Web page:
Posted by: Grover Gunn | January 20, 2010

Thoughts on the Westminster Shorter Catechism

The Westminster Shorter Catechism begins with its classic statement that humanity’s main purpose is glorifying and enjoying God. These are joint purposes which reinforce each other. We can’t really glorify God if our efforts at doing so are merely the joyless fulfillment of a perceived duty. We can’t really enjoy God if we have no sense of His matchless wonder and majesty which inspire praise.

According to WSC Q3, the Scriptures, which direct us how to glorify and enjoy God, mainly teach us what humans are to believe concerning God and what duty God requires of humans. After Q3, the catechism summarizes these two broad areas in order. The catechism’s teaching is classic Calvinism which accepts without compromise the Scriptures’ teaching on both divine sovereignty and human responsibility. In the section on human responsibility, the catechism teaches humanity’s responsibility to obey God’s moral law (40-41) and fallen humanity’s responsibility to obey the gospel (85). This teaching implies that humans are free agents whom God rightfully holds accountable for their own actions. At the same time, the section on God teaches that God has foreordained everything which comes to pass (7) and that God governs every action of every creature (11). True to its Calvinism, the catechism does not compromise any of these Scriptural teachings in an effort to construct a system that is completely comprehensible to the finite mind.

The catechism’s section on God explains salvation from the perspective of divine sovereignty. In His sovereign works of providence, God established first the covenant of life, more commonly called the covenant of works (12). This first covenant with its implied promise of life upon the condition of Adam’s perfect obedience was a voluntary condescension of the eternal Creator to Adam the finite creature (WCF 7.1-2). Adam broke the covenant of life by sinning against God and fell into an estate of sin and misery (13-17). All humans descending from Adam by ordinary generation sinned in Adam and fell with him (16). This, of course, does not include Jesus, who descended from Adam but not by ordinary generation. God then established the covenant of grace in order to deliver the elect out of their fallen estate through the work of Jesus, the only Redeemer of God’s elect (20). This second covenant went beyond a voluntary condescension to a merciful work of salvation (WCF 7.3). Through His priestly death, Jesus satisfied divine justice and reconciled the elect to God (25). The Holy Spirit applies to the elect the benefits of Christ’s redeeming work by working faith in them and thereby uniting them to Christ in their effectual calling (29-30). In effectual calling, the Holy Spirit convinces the elect of their sin and misery, enlightens their minds in the knowledge of Christ and renews their wills. The Holy Spirit thus persuades and enables the elect to embrace Jesus Christ as He is freely offered in the gospel (31). We see here that salvation is by grace alone through faith alone. All those united to Christ through effectual calling partake of justification, adoption and sanctification and the benefits which accompany these in this life, at death and at the resurrection (32-38).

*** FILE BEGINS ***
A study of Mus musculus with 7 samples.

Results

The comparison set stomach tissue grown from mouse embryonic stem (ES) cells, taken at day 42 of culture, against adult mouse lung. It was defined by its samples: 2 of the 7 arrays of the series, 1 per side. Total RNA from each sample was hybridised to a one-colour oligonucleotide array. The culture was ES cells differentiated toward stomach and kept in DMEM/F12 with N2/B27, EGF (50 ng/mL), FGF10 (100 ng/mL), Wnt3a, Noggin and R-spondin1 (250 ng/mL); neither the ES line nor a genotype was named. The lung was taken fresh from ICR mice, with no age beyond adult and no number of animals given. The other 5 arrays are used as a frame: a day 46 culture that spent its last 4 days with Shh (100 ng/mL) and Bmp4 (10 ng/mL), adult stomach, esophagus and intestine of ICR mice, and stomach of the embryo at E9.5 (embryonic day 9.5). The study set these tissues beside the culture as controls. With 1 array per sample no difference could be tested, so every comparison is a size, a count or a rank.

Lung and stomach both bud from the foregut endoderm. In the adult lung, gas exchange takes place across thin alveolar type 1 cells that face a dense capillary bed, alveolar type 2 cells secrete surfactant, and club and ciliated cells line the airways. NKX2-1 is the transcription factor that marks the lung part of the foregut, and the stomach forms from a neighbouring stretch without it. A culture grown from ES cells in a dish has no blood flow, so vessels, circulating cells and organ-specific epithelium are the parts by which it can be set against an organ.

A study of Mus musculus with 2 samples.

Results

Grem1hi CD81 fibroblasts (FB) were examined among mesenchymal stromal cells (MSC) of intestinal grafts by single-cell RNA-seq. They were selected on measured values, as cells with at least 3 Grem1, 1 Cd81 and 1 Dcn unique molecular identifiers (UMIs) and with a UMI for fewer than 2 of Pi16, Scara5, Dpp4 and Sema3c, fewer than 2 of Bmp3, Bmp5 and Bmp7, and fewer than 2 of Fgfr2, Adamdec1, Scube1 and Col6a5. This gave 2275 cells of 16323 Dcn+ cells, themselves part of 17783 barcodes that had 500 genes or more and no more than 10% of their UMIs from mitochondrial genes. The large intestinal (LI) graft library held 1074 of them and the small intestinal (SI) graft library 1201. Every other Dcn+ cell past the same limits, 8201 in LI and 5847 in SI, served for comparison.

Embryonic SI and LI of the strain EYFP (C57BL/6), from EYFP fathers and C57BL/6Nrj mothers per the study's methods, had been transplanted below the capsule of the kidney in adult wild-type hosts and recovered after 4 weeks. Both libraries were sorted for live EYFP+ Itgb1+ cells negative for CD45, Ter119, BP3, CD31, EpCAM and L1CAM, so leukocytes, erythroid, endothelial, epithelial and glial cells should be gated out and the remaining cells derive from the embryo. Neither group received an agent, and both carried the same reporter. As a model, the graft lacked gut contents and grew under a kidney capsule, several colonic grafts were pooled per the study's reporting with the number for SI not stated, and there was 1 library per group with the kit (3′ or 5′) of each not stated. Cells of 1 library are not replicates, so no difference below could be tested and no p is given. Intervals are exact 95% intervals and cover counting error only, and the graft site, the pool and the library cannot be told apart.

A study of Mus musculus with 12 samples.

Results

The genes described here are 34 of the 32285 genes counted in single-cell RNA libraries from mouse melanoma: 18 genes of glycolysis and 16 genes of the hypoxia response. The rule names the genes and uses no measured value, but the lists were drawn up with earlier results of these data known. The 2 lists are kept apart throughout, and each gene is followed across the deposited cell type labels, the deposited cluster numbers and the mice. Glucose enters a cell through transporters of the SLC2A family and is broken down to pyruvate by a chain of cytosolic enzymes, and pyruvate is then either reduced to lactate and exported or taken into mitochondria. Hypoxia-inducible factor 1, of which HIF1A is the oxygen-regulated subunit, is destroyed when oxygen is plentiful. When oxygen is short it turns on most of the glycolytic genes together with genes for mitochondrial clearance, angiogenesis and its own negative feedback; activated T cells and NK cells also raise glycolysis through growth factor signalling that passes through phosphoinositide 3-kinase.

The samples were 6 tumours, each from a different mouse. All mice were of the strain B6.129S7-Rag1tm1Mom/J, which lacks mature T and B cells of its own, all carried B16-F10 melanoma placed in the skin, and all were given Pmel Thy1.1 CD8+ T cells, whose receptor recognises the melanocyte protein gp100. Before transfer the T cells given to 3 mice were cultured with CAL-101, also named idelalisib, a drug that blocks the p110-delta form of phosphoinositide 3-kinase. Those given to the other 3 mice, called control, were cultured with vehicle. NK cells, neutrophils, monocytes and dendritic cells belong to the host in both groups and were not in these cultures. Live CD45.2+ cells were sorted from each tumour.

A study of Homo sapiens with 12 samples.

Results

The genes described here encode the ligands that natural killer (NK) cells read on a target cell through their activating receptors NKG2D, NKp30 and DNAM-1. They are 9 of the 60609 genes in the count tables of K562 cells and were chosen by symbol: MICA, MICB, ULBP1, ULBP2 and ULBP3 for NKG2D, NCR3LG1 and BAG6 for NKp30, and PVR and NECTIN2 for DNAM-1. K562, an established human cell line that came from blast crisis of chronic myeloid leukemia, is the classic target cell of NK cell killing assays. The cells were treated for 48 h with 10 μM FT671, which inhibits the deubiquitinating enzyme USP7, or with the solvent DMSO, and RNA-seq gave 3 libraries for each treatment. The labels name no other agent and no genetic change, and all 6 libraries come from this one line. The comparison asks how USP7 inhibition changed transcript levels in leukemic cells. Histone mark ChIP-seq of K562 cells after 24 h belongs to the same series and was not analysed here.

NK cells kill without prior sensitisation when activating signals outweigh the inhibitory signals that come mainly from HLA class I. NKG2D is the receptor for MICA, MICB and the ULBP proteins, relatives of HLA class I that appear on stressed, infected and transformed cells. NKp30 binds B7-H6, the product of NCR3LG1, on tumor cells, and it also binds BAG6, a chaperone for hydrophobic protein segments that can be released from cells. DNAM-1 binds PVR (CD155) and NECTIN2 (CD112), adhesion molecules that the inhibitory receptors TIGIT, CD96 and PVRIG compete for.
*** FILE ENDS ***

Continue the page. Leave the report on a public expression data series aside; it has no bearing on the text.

The catechism’s section on the duty which God requires of man explains salvation from the perspective of human responsibility. From the very beginning, God gave humanity His moral law as a rule which humanity is responsible for obeying (40). After Adam’s fall through an act of sin, no mere man has been able perfectly to keep these commandments but instead daily breaks them (82). This, of course, does not include Jesus, who is fully man but not a mere man. The punishment which every sin deserves is God’s wrath and curse both in this life and that which is to come (84). To escape God’s wrath and curse due to humans for sin, God requires faith in Jesus (85). Those who believe receive and rest upon Christ alone for salvation as He is offered to them in the gospel (86). Saving faith necessarily bears the fruit of repentance and new obedience, especially the diligent use of the word, sacraments and prayer, all of which God makes effectual to the elect for salvation (85,87,88). We see here that saving faith never exists alone in the one saved but always bears its necessary fruit.